The City Council officially passed the new ordinance Thursday.
Karla Correa, 22, an organizer with the St. Petersburg Tenants Union, advocates for rent control outside City Hall during a sleep-in protest on Wednesday, Aug. 10, 2022, in St. Petersburg. Organizers want City Council to declare a housing state of emergency and to put rent control on the November election ballot.
Karla Correa, 22, an organizer with the St. Petersburg Tenants Union, advocates for rent control outside City Hall during a sleep-in protest on Wednesday, Aug. 10, 2022, in St. Petersburg. Organizers want City Council to declare a housing state of emergency and to put rent control on the November election ballot. [ ANGELICA EDWARDS | Times ]
Published Nov. 11|Updated Nov. 11

ST. PETERSBURG — Landlords who plan on increasing rent more than 5% must give written, advance notice to the tenant or face a fine, according to a new city ordinance.

The City Council unanimously voted Thursday on the new rule. Landlords must give 60 days’ notice for leases one year or longer, 30 days’ notice for three months to a year, or 21 days’ notice for a month-to-month lease. If not, they could be fined $300 for the first offense and $500 for any subsequent offenses.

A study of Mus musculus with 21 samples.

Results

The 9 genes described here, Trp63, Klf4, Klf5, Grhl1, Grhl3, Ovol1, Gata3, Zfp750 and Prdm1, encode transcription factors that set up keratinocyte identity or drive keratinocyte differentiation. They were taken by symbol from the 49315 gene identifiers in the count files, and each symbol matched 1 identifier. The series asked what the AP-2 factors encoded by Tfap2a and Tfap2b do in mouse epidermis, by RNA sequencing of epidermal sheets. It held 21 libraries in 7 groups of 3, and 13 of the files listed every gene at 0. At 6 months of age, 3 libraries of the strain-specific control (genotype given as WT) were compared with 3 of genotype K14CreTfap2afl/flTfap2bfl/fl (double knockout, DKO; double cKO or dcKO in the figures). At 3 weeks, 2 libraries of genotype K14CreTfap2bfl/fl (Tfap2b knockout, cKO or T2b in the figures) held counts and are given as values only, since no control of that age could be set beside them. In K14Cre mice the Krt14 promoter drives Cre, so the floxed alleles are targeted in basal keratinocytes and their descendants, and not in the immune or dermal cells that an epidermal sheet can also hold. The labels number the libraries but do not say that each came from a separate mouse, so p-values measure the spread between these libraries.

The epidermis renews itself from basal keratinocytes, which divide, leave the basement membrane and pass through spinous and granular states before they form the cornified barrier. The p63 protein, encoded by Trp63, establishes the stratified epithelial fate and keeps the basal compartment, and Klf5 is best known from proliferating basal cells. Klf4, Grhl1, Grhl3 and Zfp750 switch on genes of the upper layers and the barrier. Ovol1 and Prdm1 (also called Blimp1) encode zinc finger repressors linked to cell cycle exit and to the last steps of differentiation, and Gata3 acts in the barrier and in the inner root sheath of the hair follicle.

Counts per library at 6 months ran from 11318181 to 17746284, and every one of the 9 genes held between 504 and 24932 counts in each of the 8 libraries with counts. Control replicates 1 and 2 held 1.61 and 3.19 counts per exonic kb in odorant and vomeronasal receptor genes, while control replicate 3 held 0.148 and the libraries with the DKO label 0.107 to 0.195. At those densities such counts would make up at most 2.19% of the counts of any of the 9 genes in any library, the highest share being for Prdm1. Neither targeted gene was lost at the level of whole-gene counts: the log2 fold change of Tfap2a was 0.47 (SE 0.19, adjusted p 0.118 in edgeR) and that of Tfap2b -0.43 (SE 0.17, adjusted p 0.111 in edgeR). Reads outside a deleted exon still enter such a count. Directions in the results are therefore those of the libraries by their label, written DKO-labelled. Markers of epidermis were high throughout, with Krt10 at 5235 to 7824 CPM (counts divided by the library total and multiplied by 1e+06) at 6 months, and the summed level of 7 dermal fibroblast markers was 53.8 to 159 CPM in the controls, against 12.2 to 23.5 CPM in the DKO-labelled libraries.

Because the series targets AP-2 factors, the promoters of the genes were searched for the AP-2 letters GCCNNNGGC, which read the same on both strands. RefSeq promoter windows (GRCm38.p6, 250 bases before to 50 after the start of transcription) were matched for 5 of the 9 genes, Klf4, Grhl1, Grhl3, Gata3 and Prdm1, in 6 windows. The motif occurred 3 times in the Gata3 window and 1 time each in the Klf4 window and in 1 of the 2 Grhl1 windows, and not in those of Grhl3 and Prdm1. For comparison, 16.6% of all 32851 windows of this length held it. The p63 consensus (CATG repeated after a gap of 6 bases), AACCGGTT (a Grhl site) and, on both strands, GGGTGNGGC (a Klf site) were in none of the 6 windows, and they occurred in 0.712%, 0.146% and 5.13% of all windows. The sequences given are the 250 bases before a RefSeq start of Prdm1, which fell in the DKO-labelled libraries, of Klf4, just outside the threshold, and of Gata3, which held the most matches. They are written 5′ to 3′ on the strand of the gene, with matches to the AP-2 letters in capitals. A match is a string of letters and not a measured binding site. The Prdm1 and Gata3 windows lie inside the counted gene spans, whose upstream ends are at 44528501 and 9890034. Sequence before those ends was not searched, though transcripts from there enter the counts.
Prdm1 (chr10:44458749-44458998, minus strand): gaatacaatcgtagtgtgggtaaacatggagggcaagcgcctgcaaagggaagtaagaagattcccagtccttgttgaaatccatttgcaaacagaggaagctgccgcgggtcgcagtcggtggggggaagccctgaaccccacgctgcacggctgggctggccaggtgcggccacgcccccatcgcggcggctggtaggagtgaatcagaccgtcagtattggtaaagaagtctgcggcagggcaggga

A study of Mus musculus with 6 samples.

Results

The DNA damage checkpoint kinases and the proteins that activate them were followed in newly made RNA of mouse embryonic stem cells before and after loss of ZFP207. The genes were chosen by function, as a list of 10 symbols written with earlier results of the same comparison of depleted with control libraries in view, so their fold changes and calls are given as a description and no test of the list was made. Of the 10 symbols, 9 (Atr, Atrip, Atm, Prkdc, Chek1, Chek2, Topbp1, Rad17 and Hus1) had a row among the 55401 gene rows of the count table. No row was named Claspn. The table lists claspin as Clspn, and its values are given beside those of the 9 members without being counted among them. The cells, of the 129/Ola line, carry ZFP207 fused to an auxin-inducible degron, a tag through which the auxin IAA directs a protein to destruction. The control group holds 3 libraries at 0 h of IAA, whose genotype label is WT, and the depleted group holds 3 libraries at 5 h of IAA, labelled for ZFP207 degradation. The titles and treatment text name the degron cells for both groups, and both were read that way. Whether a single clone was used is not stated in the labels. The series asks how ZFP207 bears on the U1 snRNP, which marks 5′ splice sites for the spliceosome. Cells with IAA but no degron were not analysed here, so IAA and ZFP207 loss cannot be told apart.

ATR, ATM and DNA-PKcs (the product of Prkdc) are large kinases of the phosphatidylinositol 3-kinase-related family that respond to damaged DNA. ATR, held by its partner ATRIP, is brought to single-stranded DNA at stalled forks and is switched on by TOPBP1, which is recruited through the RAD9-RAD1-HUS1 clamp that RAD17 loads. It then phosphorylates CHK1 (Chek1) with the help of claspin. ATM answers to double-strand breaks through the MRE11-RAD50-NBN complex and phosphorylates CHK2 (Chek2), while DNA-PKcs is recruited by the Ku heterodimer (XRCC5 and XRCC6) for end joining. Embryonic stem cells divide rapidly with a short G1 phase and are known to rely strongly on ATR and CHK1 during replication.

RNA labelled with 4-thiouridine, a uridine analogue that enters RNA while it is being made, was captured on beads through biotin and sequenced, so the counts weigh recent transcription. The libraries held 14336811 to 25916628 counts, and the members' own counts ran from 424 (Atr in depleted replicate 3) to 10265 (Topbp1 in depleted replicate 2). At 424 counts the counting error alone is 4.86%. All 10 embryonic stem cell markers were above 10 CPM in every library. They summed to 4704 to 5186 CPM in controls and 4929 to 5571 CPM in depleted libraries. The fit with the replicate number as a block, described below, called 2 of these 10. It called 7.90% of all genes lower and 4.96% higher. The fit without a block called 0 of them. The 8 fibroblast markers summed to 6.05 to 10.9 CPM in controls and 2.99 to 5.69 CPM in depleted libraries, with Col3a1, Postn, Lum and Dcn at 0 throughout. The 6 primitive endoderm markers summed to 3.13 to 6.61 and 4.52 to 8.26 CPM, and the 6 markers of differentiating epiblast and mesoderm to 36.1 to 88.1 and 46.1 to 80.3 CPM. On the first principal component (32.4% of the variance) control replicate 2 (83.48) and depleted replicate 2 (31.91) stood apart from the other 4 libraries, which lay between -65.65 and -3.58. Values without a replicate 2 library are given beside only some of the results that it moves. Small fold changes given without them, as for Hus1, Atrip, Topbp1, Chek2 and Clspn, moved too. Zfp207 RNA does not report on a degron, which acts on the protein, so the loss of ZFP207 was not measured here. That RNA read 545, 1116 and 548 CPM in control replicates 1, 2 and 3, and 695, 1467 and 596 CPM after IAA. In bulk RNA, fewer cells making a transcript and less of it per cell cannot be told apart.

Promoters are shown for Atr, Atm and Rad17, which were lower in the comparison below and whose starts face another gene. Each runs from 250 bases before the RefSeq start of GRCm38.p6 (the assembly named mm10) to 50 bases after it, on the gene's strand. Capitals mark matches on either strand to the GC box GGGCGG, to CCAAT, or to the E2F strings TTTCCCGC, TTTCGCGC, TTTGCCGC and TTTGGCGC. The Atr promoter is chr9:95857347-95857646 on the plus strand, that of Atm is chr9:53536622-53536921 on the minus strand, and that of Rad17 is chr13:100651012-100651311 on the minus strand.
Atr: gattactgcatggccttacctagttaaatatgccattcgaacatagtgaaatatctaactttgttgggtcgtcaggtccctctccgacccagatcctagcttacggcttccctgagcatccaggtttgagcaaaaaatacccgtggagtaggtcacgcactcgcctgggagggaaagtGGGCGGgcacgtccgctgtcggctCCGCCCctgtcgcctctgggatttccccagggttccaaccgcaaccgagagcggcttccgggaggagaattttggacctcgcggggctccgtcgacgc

The ordinance goes into effect Jan. 1.

“This ordinance will create a more level playing field for landlords and tenants by providing reasonable notice for rent increases,” said council chairperson Gina Driscoll, who sponsored the ordinance. “With the spikes in rent we’re seeing right now, we can’t change that, but we can make it a little fairer to those who can find ways to make ends meet.”

The St. Petersburg Tenants Union says the ordinance is significantly weaker than the six-month notice requirement they had asked for. In an email Thursday, they said they do not support the ordinance as currently written.

“The decision to reduce the noticing requirement was not done in the best interests of tenants, but for those of landlords,” said organizer William Kilgore in a statement. “By curtailing the noticing requirement, the city is failing to send a message to landlords that rent gouging is unacceptable in the Sunshine City.”

In August, the Pinellas County Commission passed a tenants bill of rights countywide, unless municipalities opt out, to require landlords to provide notice of rent increases and late fees and prohibit them from discriminating against renters with housing vouchers. Tampa passed a similar measure in February.